Tragic scenes were never too far away and had to be dealt with before moving on to the next. It thickens the skin and as a result, I consider myself to be fairly resilient; it’s not easy to shock me.
Having said that, I’m not completely heartless either and dealing with children who are suffering is one thing I still struggle with.
One of the worst experiences I had during my time in An Garda Siochana concerned the death of a young girl who had suffered a serious injury in a freak accident. We arrived as the ambulance crew were doing their best for her, but it wasn’t looking good.
We got her to the hospital as quickly as possible to give her every chance. A medical team was on standby, and she was rushed to the Accident and Emergency Department. They tried everything to revive her but unfortunately, it was too late so then it was time to meet the parents to give them the sad news. That wasn’t easy.
She was removed to the City Morgue and later that evening I had to go there for the post-mortem examination. It was hard seeing her little body lying there. I stroked her cheek and half expected her to open her eyes and smile up at me.
It wasn’t easy for the pathologist either. Even though she examines bodies all the time, she told me that dealing with children was always difficult.
That child was the same age as my own daughter at that time and I couldn’t help but think of her. We’re supposed to protect them at that age and keep them safe but it’s not always possible.
Accidents will happen but there are circumstances too where children are suffering unnecessarily and that’s just not good enough.
Many years ago, during my trips to Belarus, I regularly visited orphanages and other institutions where conditions were less than favourable. I was uncomfortable meeting the children living there. They had nothing to smile about and very little hope of ever finding a better life for themselves.
Some of them lived in these institutions until they reached 18 years of age and then moved into adult facilities where they remained for the rest of their lives. Knowing they had little prospect of ever improving their situation was hard to take so I took the easy way out and remained outside where possible to avoid looking into their eyes.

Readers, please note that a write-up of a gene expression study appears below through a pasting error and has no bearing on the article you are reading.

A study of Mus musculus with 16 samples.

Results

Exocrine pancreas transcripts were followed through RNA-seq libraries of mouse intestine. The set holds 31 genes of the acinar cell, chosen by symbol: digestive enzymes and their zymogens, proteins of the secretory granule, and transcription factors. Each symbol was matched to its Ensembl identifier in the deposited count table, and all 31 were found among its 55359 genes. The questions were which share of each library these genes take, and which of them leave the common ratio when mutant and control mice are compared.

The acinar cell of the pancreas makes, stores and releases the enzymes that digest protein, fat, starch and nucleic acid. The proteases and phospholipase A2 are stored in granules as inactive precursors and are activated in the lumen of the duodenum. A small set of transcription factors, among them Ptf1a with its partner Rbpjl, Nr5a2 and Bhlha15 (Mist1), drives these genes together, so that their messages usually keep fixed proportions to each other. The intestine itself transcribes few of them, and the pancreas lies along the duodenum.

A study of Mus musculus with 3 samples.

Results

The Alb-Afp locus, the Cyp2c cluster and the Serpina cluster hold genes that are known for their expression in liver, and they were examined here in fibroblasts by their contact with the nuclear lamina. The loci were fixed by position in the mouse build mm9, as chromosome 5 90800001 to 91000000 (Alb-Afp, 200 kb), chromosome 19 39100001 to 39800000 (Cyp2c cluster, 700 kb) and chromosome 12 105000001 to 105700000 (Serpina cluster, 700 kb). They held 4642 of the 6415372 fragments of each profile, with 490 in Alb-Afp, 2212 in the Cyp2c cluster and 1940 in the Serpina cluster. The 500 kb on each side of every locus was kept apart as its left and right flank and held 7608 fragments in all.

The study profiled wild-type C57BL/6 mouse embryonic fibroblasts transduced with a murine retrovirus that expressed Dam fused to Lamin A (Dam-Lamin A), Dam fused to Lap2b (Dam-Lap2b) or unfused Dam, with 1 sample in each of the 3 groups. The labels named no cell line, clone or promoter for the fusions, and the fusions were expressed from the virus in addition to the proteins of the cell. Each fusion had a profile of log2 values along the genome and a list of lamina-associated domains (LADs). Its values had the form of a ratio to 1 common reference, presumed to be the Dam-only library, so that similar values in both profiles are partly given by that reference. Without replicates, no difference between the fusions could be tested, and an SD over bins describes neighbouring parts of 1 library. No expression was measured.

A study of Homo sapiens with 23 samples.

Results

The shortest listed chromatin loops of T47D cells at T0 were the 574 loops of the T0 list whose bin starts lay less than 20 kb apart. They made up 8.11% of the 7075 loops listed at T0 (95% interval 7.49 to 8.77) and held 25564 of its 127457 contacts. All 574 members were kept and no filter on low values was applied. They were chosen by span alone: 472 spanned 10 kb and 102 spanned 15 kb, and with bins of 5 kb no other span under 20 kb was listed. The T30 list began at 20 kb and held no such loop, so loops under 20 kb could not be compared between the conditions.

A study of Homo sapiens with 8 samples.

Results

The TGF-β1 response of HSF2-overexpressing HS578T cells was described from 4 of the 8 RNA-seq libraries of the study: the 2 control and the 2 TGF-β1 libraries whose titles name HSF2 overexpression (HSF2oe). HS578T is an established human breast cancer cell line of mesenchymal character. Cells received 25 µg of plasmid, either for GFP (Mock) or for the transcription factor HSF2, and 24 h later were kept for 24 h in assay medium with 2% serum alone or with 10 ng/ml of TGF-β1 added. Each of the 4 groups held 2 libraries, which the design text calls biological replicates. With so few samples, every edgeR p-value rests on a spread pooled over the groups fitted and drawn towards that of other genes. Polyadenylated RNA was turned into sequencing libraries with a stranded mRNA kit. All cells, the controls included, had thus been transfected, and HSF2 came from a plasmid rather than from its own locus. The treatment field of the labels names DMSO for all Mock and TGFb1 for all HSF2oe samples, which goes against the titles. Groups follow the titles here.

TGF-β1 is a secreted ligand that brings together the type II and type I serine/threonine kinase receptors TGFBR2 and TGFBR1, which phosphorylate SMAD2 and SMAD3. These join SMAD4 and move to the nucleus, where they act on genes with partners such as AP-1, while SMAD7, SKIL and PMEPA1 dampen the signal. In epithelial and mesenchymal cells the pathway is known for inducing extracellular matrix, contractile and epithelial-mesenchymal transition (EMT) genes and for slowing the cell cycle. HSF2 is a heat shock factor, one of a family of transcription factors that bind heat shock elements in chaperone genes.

President Alexander Lukashenko is responsible for their welfare, and I don’t have much confidence in his leadership. During the Covid-19 pandemic, he advised his citizens to get on their tractors, drink vodka and take saunas to get rid of the virus. I’m not impressed with how he looks after the children either but then again, who are we to criticise?
Listening to the Claire Byrne show on RTÉ recently I couldn’t help but wonder about our own failings. Adam Terry is a ten-year old boy from County Cork who has scoliosis. He has faced multiple delays to his required surgery and will have to wait another six to nine months before he’s treated. It was difficult listening to him while he told his story to reporter Brian O’Connell. He is in constant pain which he described as ‘almost paralysing.’
“It’s really sore and sometimes I have to lie down and roll around for it to actually stop. Sometimes I have to crack my back to relieve the pain.’ He said he feels as though he is “at the bottom of the barrel. Nobody is coming out to find me in the lost and found. To be honest, sometimes I feel like I’m crying myself to sleep because it’s so unfair. It just makes me angry and frustrated and sad.”
His mother Christine broke down in tears and I suspect many of the listeners did too as she told of the effect the long wait has had on Adam and his family. She said that every day he’s been left, it gets worse, and the initial surgery is now deemed too dangerous as his spine has moved even more in the last two years.
“They’re now going to have to do a different surgery, they’re not going to get the same results that they hoped for,” she said.
A few weeks earlier I heard another interview on Today with Claire Byrne, where a consultant paediatric radiologist told of the case of a pre-teen who had been referred to her with a neurological condition but was told they could not get an appointment until 2035. That’s 14 years away.
Dr Gabrielle Colleran told the radio show that such a delay was farcical and was a huge source of frustration for the profession as well as the families involved. Every child and adult should be able to access care “in a timely fashion” in less than six weeks, she said.
The day following the budget, Michael McGrath, Minister for Public Expenditure and Reform and Paschal Donohoe, Minister for Finance were both asked about the case of young Adam Terry. Claire Byrne played a bit of his interview for them, and they agreed it shouldn’t be happening. Of course it shouldn’t, but it is. Taoiseach Michael Martin said the situation is unacceptable. Leo Varadkar Tánaiste and Minister for Enterprise, Trade and Employment said he believes most people will be better off as a result of Budget 2022.
There are lots of parents and children, like the Terry family, who won’t agree with him. They feel abandoned. They don’t need sympathy or promises, they need immediate action. Their kids are in pain.